KP apologises for 'provocative' texts

  • Last Updated: August 15 2012, 13:05 BST

Kevin Pietersen has issued an apology after admitting to sending 'provocative' text messages to members of the South Africa team, the England and Wales Cricket Board have confirmed.

Kevin Pietersen: Sent 'provocative' text messages

Pietersen was dropped by England for this week's third Test against the Proteas after failing to confirm publicly last weekend that no derogatory texts about his team-mates had been sent to South African players during the second Test, or if they had been sent, to apologise for them.

Pietersen has now apologised in a statement released by the ECB.

"I did send what you might call provocative texts to my close friends in the SA team. The texts were meant as banter between close friends."

"I need to rein myself in sometimes. I apologise to Straussy and the team for the inappropriate remarks at the press conference and for the texts. I truly didn't mean to cause upset or tension particularly with important games at stake."

England managing director Hugh Morris said: "We are in receipt of Kevin's apology, but further discussions need to take place to establish whether it is possible to regain the trust and mutual respect required to ensure all parties are able to focus on playing cricket and to maintain the unity of purpose that has served us so well in recent years. Critically, those discussions should take place behind closed doors, rather than in the media spotlight.

"A successful conclusion to this process is in everyone's best interests and is required for Kevin Pietersen's potential selection in all forms of the game to be considered.

"At the moment we have an important Investec Test match to focus on and therefore ECB will make no further comment until such time as is appropriate."

England trail 1-0 in the three-match series and will lose top spot in the world rankings if they fail to win the final Test against South Africa, which begins at Lord's on Thursday.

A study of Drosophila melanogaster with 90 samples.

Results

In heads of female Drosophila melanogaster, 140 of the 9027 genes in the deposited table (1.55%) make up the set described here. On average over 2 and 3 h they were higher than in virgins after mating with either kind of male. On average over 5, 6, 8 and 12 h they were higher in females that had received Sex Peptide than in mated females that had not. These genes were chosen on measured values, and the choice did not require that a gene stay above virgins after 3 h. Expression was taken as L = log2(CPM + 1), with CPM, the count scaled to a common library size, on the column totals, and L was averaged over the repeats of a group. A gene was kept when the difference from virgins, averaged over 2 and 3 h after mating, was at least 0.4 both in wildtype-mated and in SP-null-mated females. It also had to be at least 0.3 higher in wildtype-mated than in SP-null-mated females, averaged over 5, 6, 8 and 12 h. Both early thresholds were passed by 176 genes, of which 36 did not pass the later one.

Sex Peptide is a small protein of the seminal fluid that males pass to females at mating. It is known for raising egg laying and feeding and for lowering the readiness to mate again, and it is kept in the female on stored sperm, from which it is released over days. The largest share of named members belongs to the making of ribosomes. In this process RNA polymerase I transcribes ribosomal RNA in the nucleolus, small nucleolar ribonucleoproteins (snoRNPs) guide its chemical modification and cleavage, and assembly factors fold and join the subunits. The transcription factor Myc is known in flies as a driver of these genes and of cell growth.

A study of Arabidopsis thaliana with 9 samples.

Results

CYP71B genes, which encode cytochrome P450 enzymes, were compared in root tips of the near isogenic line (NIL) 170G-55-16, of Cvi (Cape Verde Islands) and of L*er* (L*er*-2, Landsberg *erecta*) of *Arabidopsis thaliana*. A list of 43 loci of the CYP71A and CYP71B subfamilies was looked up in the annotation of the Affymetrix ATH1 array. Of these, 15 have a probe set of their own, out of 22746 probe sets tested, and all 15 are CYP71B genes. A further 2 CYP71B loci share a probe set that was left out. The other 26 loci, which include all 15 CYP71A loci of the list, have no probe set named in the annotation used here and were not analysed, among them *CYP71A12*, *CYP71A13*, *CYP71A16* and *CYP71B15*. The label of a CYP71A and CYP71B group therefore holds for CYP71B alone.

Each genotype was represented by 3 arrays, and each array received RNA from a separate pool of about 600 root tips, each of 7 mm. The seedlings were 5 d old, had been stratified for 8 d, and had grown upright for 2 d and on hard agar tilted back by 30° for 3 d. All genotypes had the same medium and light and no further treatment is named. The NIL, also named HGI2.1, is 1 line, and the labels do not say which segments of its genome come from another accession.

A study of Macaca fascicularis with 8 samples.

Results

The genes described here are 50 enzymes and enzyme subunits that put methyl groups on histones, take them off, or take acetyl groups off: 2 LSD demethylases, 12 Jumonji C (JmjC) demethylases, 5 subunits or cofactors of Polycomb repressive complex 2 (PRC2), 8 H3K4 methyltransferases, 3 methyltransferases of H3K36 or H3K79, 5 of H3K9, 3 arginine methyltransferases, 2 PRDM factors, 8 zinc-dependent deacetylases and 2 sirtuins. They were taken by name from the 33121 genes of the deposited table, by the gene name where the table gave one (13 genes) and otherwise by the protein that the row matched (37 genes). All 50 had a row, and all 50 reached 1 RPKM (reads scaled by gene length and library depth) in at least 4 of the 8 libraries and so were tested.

Pietersen's international future has been the centre of speculation since the end of the drawn Headingley Test last week.

It was there that the 32-year-old played one of his best innings - a man-of-the-match 149 - and became the quickest batsman in Test history to top 7,000 runs.

But he left Leeds under a cloud, after a post-match press conference in which he hinted at dressing-room unrest and refused to give assurances that the Lord's Test would not be his last.

It subsequently emerged he was perturbed by a parody Twitter account and the possibility that his team-mates - among the followers of a feed since closed down - might somehow be associated with the mocking tone, sending up his personality and behaviour.

There was then the further revelation that he sent texts to opposition players in the thick of a high-profile series against his native country.

He made it clear, in an interview broadcast on YouTube on Saturday night, that he had seen the error of his ways and had decided playing cricket for England was more important than other issues.

Crucially, however, he did not address the matter of the text messages and on Sunday - after being given an extra five hours by the England selectors to make a public declaration about the issue - he was omitted from the 13-man squad for the final Test with Jonny Bairstow taking his place.